Finally after a year of loud controversies due to “discriminatory” rules and high fees, DU’s Hindu College will begin admitting students in its girls’ hostel from this academic session. Although, the rules for girls and boys are the same, the hostel fee is where the discrimination rests, viz., where it is Rs 90,000 per year for girls, the fee for boys is about Rs 58,000.
In the last academic session, girls paid a sum of Rs 80,000 as hostel fee, which was nearly twice of what the boys had to pay. College principal Anju Srivastava reasoned that women have to pay more because their hostel “is not getting funds from the University Grants Commission (UGC)”. “The boys’ hostel gets funds from the UGC, while the girl’s hostel does not. The hostel requires funds to be run — and this is the only way to generate them. Also, the women’s hostel is fully air-conditioned,” she continues.
The girls hostel has 88 rooms and can accommodate 156 students on a twin-sharing basis, whereas, the boys hostel carries 119 rooms. Like last year, students and Pinjra Tod — a movement by students to fight “discriminatory rules” against women — have raised concerns over the difference in fee this year too. Pinjra Tod had earlier raised the matter with the Delhi Commission for Women, which wrote to the college asking it to make the fee same, and to the UGC asking them to provide funds.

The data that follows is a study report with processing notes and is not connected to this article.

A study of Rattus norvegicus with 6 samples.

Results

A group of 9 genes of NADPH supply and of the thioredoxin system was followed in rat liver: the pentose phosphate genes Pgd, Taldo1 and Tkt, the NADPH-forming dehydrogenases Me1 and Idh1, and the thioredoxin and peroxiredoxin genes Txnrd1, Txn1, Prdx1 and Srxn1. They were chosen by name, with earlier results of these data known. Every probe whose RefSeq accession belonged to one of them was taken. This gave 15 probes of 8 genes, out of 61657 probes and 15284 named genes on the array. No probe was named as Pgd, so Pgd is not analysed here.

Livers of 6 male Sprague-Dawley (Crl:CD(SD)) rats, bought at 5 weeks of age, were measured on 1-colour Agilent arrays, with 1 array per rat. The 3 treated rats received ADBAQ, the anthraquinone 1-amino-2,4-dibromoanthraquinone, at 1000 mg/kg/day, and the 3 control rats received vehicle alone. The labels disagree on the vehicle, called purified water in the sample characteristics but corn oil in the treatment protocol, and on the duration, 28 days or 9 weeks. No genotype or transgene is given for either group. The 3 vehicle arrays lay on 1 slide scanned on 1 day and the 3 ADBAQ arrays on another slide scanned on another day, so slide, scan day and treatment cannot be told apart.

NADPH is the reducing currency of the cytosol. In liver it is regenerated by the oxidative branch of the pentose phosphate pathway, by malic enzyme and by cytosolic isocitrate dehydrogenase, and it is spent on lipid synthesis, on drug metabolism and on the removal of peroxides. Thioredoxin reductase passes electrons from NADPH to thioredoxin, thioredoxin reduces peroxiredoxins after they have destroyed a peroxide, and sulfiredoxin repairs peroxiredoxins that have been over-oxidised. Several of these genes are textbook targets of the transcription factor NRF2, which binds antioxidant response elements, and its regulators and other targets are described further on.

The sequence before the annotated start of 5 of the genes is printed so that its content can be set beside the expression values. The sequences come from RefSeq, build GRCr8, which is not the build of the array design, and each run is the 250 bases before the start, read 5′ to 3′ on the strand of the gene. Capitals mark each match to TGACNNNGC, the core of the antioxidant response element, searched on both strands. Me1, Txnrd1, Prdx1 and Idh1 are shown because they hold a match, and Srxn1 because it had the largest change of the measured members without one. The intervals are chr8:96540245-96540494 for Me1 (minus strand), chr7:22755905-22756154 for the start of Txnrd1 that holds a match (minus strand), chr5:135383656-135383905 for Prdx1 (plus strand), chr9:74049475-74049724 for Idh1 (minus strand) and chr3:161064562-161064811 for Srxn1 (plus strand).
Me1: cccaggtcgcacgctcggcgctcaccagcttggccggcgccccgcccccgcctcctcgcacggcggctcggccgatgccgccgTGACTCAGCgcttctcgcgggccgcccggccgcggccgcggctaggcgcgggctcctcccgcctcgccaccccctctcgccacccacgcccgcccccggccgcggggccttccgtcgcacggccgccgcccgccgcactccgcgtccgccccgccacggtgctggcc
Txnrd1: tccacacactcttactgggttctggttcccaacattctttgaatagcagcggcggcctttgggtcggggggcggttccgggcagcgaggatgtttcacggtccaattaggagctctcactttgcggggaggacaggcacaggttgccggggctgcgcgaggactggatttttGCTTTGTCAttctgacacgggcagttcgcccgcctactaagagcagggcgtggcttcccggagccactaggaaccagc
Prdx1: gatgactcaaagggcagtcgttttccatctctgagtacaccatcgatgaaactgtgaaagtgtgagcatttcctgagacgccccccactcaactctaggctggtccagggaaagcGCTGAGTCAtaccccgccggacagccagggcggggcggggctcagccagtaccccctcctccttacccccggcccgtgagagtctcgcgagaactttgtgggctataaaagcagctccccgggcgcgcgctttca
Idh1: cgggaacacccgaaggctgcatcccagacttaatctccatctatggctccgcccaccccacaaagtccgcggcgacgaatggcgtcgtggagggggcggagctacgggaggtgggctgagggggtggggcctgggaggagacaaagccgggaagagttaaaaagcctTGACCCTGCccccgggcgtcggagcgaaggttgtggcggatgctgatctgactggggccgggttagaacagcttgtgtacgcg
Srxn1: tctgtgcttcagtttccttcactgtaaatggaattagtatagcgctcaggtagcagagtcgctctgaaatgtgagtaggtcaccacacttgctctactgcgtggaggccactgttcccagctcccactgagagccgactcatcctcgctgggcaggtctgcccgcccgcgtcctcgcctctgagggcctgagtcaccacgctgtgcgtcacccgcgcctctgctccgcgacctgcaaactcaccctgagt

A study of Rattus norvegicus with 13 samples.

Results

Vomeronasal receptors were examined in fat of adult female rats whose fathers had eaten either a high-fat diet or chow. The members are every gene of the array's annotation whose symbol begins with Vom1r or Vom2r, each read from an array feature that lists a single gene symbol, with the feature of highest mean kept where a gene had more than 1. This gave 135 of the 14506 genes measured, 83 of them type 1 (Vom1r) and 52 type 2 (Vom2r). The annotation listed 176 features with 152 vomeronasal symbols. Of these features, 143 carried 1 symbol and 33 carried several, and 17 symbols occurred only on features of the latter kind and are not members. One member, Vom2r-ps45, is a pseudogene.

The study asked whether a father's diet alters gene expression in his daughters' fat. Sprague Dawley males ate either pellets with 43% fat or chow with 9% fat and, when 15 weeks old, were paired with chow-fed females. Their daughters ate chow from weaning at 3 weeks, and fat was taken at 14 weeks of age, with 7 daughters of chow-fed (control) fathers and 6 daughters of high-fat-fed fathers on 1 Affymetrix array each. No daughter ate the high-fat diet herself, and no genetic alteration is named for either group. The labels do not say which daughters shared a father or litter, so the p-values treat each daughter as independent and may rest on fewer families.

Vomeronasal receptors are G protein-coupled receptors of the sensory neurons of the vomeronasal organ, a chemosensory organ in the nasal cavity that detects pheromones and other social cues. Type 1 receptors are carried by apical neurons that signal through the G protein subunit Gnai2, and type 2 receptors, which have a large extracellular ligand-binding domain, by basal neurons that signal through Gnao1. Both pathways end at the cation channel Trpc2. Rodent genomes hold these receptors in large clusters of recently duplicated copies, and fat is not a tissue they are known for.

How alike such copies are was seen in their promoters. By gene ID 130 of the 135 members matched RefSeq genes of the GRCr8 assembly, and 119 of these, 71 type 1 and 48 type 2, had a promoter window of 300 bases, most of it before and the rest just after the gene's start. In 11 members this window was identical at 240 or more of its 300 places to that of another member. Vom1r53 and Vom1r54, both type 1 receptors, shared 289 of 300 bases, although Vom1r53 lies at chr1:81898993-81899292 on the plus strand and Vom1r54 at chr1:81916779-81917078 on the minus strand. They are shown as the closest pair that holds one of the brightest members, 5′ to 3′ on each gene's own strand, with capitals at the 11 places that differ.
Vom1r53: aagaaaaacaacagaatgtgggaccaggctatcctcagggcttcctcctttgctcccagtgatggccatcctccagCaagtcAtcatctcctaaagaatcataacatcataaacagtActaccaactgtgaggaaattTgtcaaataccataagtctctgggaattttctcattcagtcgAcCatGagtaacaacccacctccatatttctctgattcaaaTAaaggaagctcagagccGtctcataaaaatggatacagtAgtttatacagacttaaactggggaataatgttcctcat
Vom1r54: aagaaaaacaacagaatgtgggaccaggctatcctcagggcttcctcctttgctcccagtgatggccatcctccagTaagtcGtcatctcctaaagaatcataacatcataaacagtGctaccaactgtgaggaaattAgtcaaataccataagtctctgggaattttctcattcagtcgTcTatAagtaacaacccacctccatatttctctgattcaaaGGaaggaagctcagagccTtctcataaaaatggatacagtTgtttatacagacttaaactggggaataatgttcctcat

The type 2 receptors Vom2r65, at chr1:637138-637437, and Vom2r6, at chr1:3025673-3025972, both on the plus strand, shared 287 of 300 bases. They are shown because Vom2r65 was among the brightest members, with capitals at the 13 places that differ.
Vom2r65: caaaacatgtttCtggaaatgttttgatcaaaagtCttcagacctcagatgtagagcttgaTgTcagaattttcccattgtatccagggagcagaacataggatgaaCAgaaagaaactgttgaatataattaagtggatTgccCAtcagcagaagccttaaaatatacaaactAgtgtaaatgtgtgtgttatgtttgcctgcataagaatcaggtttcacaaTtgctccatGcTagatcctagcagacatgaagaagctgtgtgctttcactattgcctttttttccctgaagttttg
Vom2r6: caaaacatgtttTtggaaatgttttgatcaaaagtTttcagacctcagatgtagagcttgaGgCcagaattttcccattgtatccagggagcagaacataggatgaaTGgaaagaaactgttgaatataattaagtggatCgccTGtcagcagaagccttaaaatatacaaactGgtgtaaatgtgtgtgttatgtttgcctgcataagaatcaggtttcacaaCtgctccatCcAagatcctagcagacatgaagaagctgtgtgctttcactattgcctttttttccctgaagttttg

There has been no progress in this context, however. For boys hostel, the UGC provides Rs 60 lakh a year for maintenance and also funds other college hostels.
Apparently, the UGC decided not to give funds to the women’s hostel as the time to use Rs 80 lakh, earlier given by the commission, lapsed and the funds remained unutilised, as claimed by college officials. One of them stated, “This happened during the tenure of the previous principal; since then the college has not approached the UGC for funds.”
Moreover, the college did not advertise about the hostel on its website. Even teachers submit that no notice about hostels has been put up on the premises and Pinjra Tod has brought it up too, as one of their arguments. At the same time, some hostel boys claim that the fee difference is “justified” because the girls’ hostel has more facilities. “We were told that the hostel fee will not be more than Rs 90,000, and if the college charges more than that, we will take it up with the administration. Unlike ours, the women hostel has more facilities,” said a third-year student.
There are a few who even debate that at least the fee is lower than what it would cost to stay in a PG. An assamese student said, “Staying in a PG is much more expensive. There is a difference in fee, but a college hostel is always a safer option.”